It has not been an easy run for Nvidia (NASDAQ:NVDA) lately. In fact, most semiconductor stocks have been struggling. So far on Monday, that skid has yet to come to a halt. NVDA stock is lower by more than 5%, as it looks set to decline for a fifth straight session. If Nvidia closes lower today, it will mark the eighth decline in the past nine sessions.
The latest culprit? A downgrade.
Baird analyst Tristan Gerra downgraded NVDA stock due to multiple concerns, cutting his rating from outperform to neutral. He also cut his price target from $360 to $225. He argued that there has been a decrease in PC demand and Nvidia risks cancellations of consumer GPUs, which he attributes to “excess inventories.” Further, he notes that Russian embargo sanctions are not being priced into the stock.
Overall, the tone on Wall Street remains optimistic given Nvidia’s long-term opportunities. However, analysts are also realistic about short-term issues. According to Gerra, PCs are one concern. For others, it’s automotive. It’s no secret that the automotive sector has faced more than its fair share of supply chain disruptions — some of which have come from semiconductors.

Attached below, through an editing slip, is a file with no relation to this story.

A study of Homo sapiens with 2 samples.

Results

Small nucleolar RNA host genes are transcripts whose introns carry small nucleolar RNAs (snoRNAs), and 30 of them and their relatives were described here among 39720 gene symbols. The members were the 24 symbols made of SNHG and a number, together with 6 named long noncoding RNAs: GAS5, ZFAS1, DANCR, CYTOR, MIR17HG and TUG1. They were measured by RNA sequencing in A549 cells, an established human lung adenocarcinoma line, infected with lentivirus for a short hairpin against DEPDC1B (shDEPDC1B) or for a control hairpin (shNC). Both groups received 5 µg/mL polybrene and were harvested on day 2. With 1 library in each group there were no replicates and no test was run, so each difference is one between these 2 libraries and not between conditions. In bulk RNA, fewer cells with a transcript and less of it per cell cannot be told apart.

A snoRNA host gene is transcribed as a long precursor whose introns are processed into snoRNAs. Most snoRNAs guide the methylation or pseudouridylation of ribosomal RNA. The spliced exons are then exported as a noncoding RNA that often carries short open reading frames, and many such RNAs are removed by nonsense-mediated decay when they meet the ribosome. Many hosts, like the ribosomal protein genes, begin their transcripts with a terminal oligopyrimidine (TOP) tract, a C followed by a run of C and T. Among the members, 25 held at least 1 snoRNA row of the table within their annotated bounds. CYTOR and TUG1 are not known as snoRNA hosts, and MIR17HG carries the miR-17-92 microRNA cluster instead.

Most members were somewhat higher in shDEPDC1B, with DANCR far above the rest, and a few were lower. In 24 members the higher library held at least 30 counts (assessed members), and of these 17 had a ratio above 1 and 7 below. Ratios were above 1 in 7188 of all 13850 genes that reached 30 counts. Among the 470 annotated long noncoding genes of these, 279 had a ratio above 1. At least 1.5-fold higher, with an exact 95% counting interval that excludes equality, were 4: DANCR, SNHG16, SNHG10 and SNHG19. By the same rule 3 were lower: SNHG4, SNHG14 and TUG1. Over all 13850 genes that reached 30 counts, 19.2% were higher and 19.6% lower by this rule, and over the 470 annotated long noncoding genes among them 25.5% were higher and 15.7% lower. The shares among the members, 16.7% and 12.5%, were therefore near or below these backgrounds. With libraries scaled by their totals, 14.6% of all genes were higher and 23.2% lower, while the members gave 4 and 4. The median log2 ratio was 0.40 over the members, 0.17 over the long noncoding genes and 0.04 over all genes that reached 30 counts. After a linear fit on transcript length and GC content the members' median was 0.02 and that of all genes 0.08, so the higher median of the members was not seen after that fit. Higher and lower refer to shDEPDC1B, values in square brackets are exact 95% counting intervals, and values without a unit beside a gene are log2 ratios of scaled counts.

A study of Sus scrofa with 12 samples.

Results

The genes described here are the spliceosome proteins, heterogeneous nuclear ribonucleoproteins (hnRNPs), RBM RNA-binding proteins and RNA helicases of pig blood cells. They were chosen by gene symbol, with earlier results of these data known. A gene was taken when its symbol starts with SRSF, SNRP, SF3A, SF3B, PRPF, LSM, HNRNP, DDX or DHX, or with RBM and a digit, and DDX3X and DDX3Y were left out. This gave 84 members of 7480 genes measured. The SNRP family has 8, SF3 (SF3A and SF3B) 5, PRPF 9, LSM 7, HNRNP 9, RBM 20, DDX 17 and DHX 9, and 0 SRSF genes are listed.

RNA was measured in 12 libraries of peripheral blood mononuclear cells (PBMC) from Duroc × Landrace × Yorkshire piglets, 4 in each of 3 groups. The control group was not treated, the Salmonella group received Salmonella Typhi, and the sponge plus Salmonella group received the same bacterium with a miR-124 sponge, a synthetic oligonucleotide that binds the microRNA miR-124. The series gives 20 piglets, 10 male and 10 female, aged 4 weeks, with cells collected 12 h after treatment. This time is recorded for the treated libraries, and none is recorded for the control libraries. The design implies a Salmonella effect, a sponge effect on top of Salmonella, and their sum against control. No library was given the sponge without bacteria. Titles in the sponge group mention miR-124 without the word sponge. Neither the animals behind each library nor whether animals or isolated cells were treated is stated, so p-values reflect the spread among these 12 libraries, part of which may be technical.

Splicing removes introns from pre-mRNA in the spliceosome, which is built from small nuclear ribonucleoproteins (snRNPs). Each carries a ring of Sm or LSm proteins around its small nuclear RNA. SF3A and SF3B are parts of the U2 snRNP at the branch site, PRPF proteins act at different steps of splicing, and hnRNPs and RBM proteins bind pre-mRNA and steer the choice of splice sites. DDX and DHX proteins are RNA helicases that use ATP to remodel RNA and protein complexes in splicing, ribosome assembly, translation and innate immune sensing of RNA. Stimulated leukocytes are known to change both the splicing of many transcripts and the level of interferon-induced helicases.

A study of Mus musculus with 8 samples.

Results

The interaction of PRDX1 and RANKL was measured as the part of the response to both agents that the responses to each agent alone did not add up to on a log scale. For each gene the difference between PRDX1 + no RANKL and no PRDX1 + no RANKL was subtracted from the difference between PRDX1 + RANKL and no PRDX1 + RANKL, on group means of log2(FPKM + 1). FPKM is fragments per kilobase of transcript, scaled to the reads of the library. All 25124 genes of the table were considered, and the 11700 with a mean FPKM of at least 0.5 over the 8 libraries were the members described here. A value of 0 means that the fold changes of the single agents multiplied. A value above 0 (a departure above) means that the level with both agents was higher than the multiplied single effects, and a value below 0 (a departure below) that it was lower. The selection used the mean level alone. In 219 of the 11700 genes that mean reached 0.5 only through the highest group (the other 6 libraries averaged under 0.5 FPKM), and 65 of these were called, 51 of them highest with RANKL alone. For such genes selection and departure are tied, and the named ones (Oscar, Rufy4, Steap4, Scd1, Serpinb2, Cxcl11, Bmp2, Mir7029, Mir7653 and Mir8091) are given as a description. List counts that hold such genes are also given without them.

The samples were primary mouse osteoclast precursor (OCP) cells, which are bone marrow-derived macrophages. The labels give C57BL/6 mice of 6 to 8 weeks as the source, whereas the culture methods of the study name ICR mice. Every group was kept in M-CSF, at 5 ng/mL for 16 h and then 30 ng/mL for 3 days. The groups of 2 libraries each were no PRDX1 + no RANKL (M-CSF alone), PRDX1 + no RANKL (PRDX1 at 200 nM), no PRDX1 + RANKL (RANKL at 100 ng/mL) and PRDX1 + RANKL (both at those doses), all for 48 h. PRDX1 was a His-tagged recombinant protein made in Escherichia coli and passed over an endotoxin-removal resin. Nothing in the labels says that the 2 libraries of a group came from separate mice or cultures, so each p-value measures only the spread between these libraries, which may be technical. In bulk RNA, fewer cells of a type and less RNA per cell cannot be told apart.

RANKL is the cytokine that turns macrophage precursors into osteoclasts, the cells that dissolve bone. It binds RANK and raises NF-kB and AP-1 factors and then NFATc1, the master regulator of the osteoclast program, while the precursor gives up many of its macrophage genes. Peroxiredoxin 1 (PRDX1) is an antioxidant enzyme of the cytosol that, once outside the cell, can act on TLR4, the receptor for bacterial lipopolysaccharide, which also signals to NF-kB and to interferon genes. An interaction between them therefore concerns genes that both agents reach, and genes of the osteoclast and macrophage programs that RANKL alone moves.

Not long ago, General Motors (NYSE:GM) had to idle some of its production due to a chip-supply issue. While automotive revenue is not the top sales unit for Nvidia, it’s still significant — and growing. The company generated more than $560 million in sales from this segment in fiscal 2022 and looks to grow that total as EV and AV technologies continue to grow.
Wheeling back to NVDA stock, it has been a painful stretch for shareholders. According to Dow Jones Market Data, this puts the stock at its worst five-day stretch since its 19.9% drop on March 16, 2020.
If we zoom out on the weekly chart, it’s clear that support has been in the low-$200s. That area is back in play now that NVDA stock failed to hold the 50-week moving average and the weekly VWAP measure.
At the same time, we’re seeing Advanced Micro Devices (NASDAQ:AMD) finally break below its key support level near $100. Will Nvidia soon do the same? It may, and if it does, it will put the 21-week moving average in play, which was a key support level in March 2020.
We don’t want to blindly buy the dip, but as NVDA stock nears a 40% pullback from the highs, it’s certainly one that long-term bulls want to have on their radar.
On the date of publication, Bret Kenwell held a long position in NVDA. The opinions expressed in this article are those of the writer, subject to the InvestorPlace.com Publishing Guidelines.